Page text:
Americans applied for unemployment benefits in massive numbers for a third straight week, bringing the total to about 16.8 million during the coronavirus pandemic’s economic shutdown.
A total of 6.61 million people filed jobless claims in the week ended April 4, according to Labor Department figures released Thursday, as more states ordered residents to stay home and overwhelmed unemployment offices continue to work through applications. The figure compared with a median forecast of 5.5 million, and the prior week’s upwardly revised 6.87 million.
As wide swaths of the economy shut down, workers have been laid off across industries with unprecedented speed. Filings will likely stay elevated in the coming weeks, after more states issued stay-at-home orders and Americans get through to file claims on jammed websites and phone lines.
The three-week tally implies an unemployment rate of around 13 percent or 14 percent, surpassing the 10 percent peak reached in the wake of the last recession. The rate was 4.4 percent in March data that mainly covered the early part of the month, up from a half-century low of 3.5 percent in February.
California reported the most initial claims last week, at an unadjusted 925,000. Nationally, initial claims averaged about 216,000 a week in the 12 months through February, and the weekly record before the pandemic was 695,000 in 1982.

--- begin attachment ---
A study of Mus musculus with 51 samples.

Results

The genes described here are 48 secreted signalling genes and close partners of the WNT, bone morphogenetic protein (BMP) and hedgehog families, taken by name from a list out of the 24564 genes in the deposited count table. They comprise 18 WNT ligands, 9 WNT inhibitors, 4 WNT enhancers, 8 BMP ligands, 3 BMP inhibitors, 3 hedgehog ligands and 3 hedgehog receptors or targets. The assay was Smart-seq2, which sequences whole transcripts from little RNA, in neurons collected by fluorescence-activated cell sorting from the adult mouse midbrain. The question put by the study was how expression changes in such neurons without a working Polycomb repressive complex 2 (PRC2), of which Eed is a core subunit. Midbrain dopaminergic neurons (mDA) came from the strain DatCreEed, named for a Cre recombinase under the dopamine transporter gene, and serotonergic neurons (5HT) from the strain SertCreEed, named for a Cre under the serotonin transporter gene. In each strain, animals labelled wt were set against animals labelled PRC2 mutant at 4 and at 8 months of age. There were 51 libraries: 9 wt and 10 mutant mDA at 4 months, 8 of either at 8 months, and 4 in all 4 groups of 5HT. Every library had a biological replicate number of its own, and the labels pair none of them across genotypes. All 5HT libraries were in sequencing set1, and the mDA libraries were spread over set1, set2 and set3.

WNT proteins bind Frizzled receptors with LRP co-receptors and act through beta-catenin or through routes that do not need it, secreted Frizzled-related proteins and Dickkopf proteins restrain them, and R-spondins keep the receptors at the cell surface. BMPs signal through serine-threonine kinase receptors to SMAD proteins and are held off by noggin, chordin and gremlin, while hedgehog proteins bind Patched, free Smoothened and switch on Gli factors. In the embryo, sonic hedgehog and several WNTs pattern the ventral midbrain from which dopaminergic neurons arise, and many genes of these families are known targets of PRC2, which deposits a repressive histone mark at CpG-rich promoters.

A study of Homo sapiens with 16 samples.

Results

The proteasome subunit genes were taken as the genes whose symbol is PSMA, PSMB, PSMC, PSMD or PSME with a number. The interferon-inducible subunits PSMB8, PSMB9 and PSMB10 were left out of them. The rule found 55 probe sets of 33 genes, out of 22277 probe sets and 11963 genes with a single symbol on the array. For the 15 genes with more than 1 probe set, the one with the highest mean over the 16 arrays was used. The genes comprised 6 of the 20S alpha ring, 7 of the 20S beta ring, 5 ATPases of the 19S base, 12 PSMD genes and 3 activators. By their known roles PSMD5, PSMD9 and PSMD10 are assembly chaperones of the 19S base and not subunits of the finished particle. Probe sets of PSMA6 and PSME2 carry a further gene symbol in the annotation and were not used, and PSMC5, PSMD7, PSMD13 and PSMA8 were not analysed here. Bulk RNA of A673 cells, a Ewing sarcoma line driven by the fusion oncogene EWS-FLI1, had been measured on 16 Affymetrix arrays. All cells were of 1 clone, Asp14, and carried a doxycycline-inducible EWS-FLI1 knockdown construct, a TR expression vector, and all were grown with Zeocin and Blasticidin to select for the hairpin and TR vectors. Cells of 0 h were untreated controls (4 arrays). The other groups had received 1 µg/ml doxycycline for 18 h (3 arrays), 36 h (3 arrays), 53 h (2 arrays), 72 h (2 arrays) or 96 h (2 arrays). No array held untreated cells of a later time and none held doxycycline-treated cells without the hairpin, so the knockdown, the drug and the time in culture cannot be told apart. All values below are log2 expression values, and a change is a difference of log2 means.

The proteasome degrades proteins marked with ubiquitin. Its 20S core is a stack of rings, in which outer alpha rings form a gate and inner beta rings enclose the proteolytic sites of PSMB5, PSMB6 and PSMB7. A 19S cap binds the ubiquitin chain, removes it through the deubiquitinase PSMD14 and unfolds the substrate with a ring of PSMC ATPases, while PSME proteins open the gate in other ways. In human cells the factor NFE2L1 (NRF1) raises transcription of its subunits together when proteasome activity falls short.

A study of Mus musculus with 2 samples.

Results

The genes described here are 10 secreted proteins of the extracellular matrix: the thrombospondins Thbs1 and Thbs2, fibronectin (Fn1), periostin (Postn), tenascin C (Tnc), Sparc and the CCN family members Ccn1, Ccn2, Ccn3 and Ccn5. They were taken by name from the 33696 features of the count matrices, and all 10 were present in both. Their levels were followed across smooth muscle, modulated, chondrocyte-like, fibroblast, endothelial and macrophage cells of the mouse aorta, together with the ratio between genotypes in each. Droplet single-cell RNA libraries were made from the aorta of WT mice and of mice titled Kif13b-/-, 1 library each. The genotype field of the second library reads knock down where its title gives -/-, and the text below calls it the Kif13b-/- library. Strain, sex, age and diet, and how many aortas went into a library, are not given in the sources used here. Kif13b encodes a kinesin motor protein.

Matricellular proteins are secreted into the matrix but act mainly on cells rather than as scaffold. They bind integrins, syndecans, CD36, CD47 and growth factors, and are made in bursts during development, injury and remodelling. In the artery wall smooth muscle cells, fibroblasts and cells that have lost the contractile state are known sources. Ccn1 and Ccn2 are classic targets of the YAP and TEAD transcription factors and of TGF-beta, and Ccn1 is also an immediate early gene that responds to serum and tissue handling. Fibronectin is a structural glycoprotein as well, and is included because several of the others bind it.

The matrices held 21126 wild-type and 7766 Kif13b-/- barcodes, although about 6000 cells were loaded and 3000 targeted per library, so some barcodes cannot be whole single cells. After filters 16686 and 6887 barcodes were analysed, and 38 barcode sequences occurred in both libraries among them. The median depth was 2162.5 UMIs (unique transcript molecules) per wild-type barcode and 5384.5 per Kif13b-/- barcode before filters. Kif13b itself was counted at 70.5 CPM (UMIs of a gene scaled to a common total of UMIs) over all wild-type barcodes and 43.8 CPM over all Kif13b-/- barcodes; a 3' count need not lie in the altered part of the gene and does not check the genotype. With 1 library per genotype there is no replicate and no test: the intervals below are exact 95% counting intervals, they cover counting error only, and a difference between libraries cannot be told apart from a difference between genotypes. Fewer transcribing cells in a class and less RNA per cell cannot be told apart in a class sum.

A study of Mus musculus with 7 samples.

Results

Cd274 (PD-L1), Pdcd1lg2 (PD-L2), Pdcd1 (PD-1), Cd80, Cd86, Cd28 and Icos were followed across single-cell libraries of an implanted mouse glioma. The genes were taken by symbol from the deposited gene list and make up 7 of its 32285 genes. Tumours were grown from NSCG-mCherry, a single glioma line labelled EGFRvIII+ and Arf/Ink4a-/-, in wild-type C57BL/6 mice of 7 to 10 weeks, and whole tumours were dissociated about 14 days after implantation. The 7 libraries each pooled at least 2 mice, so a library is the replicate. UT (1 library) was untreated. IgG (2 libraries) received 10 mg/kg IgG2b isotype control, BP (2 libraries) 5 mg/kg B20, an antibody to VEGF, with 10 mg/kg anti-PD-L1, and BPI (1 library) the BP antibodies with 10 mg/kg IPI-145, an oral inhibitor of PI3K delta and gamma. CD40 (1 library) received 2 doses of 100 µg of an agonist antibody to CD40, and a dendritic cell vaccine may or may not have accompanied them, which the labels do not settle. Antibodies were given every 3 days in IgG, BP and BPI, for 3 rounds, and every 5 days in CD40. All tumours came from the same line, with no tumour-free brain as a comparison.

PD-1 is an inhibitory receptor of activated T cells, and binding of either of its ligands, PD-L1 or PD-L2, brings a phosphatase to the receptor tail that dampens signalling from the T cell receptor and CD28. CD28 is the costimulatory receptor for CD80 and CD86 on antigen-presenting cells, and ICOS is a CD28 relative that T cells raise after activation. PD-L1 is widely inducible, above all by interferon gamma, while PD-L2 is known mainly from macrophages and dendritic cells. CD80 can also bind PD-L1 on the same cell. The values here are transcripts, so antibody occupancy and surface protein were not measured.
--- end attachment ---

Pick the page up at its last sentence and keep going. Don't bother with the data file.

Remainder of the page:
Continuing claims - which are reported with a one-week lag and represent Americans currently receiving unemployment benefits - jumped by 4.4 million to 7.46 million in the week ended March 28. That pushed the insured unemployment rate up to 5.1 percent - the highest since 1982 - from 2.1 percent.
Before seasonal adjustment, last week’s initial claims totaled 6.2 million, compared with 6.02 million the prior week.
The Bloomberg dollar index dropped while Treasury yields and US stock futures pared their declines after the simultaneous announcement of new Fed facilities and jobless claims data.
Georgia had the second-highest number of unadjusted claims last week, at about 388,000.
Michigan was next at about 385,000, followed by New York with 345,000 and Texas with 314,000.
Florida had 170,000 new claims. Widely reported problems with filing in Florida and Texas - two of the most populous states - suggest the numbers will continue to be large as residents eventually become able to apply for benefits.